Canva CEO Melanie Perkins enters the A.I. race in her own way

Portrait of Canva CEO Melanie Perkins sitting on couch.
Canva CEO Melanie Perkins.
Courtesy of Canva

Good morning, Broadsheet readers! The FTC is imposing rules to make it easier for consumers to cancel subscriptions, Shari Redstone is taking a different strategy to selling BET, and Canva CEO Melanie Perkins enters the A.I. race her own way. Have a restful weekend.

– Like magic. Melanie Perkins has always operated on her own timeline. She founded Canva, the $26-billion visual communications company, with a decade-long vision to challenge every element of digital publishing. So as tech companies recently started debuting new A.I. tools like OpenAI’s ChatGPT and Microsoft’s Bing Chat, she paid close attention—but was not in any rush.

Yesterday, Canva introduced its own A.I. tools, a suite of features that let the 120 million users of its design products add A.I.-generated elements to what they create. Users who are building presentations, creating social media content, or writing documents can ask Canva to take the first stab at drafting that content. For example, given a prompt like “styling proposal from interior decorator,” Canva’s A.I. will spit out a detailed interior decorating presentation. The tool, while not perfect, is supposed to give users a head start.

A look at Canva’s new A.I. features.
Courtesy of Canva

Perkins, whom I profiled last year, tends to keep her blinders on at Canva’s headquarters in Sydney, Australia, and avoid dwelling too much on what competitors are up to (at least publicly). But with a goal to make Canva one of the world’s top-tier tech companies—it’s already the most valuable female-founded and -led startup—she’s certainly paying attention.

“What’s been extraordinarily exciting to see is the pace of change in technology,” she told me before this product launch. “What’s really exciting is how rapidly technology is advancing. It really supercharges what we set out to do 10 years ago.”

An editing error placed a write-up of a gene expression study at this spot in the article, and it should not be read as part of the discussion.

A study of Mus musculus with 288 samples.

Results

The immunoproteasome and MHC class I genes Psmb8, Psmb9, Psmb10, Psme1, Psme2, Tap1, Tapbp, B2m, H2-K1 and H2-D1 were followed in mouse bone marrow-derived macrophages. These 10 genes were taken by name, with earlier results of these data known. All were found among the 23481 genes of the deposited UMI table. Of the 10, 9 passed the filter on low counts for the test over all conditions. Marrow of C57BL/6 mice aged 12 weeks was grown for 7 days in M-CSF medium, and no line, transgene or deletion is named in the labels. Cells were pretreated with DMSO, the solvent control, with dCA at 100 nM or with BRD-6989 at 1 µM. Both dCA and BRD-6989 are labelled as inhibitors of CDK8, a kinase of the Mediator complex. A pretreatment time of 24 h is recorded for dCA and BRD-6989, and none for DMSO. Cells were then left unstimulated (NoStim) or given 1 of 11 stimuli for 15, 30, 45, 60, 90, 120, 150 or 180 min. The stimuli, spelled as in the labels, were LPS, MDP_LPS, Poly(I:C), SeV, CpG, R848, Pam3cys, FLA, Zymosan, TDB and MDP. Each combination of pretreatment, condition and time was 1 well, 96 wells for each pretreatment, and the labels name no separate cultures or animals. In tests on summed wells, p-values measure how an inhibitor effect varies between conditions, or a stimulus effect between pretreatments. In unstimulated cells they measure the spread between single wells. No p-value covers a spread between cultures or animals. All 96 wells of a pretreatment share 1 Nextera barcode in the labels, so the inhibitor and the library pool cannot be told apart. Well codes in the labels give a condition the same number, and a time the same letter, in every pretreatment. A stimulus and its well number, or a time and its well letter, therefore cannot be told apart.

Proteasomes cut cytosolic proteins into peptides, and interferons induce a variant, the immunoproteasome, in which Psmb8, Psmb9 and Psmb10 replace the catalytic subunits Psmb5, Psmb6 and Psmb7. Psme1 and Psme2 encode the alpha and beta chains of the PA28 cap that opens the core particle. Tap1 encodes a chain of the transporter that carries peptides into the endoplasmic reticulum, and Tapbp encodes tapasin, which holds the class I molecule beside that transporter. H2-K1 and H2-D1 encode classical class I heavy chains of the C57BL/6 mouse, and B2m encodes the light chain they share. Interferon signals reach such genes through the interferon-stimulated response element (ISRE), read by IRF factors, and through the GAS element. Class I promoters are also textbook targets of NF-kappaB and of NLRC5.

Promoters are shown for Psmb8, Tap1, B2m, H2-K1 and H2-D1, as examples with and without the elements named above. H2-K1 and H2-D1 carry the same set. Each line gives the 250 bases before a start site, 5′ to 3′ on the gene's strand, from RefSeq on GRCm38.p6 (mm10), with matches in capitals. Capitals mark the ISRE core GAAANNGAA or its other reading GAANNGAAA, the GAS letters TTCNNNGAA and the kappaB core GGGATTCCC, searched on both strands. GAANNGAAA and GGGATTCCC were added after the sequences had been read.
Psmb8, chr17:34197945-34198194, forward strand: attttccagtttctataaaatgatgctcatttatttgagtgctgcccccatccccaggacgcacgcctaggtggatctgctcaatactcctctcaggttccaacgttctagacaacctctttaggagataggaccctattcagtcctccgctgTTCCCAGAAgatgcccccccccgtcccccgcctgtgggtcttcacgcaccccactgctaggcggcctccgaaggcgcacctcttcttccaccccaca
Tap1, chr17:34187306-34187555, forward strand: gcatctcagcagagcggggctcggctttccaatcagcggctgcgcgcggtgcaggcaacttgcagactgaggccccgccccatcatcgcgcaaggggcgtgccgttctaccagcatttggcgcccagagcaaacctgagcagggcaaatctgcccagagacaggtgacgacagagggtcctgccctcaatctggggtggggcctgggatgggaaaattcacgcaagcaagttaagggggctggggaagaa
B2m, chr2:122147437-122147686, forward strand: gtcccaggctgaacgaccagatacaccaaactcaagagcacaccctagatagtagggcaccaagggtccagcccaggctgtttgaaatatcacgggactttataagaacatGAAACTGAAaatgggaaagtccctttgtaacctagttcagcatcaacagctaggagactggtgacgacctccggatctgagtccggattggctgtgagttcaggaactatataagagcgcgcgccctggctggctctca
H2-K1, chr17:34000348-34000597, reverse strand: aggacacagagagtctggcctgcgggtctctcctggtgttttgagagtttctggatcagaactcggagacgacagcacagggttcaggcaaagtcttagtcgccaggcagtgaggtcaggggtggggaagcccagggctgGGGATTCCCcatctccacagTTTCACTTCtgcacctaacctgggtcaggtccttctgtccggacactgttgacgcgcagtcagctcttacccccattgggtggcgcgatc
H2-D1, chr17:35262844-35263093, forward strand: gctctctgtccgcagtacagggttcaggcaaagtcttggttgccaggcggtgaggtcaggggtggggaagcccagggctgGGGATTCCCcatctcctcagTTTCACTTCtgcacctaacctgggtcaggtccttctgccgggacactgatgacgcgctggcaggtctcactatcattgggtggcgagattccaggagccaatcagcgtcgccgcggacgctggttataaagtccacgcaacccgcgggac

Unlike some of its competitors, Canva avoids marketing its technology using the buzzword “A.I.” The startup instead has branded its new suite of tools with the word “magic,” a choice that fits with the platform’s effort to make its features seem user-friendly and accessible. “We believe what our customers really want is magic, versus the tech ecosystem that talks a lot about…” she says, trailing off.

Portrait of Canva CEO Melanie Perkins sitting on couch.
Canva CEO Melanie Perkins.
Courtesy of Canva

As a business, Canva has set its sights on the enterprise market with the goal to become the next Microsoft or Adobe. The company is still a long way from achieving that milestone, with about $1 billion in annual revenue. But its A.I. debut builds on last fall’s launch of its visual worksuite of enterprise products that compete against tools like Google Docs and PowerPoint.

Canva’s features for brands are geared toward design-minded staffers in large organizations that follow meticulous brand guidelines. The new tools let users fix problems, like automatically replacing an old logo with a new one everywhere it appears within Canva’s ecosystem.

Perkins is known for setting a top priority every year—rework the code base, go international, launch A.I. The launch of the visual worksuite and A.I. products in a single six-month span checked two major ideas off her to-do list. She’s reluctant to say what her next priority is. “We’re going to continue to do what we’ve always been doing, which is to enable people to take their ideas and turn them into design and do that seamlessly and magically,” she says.

Emma Hinchliffe

The Broadsheet is Fortune’s newsletter for and about the world’s most powerful women. Today’s edition was curated by Kinsey Crowley. Subscribe here.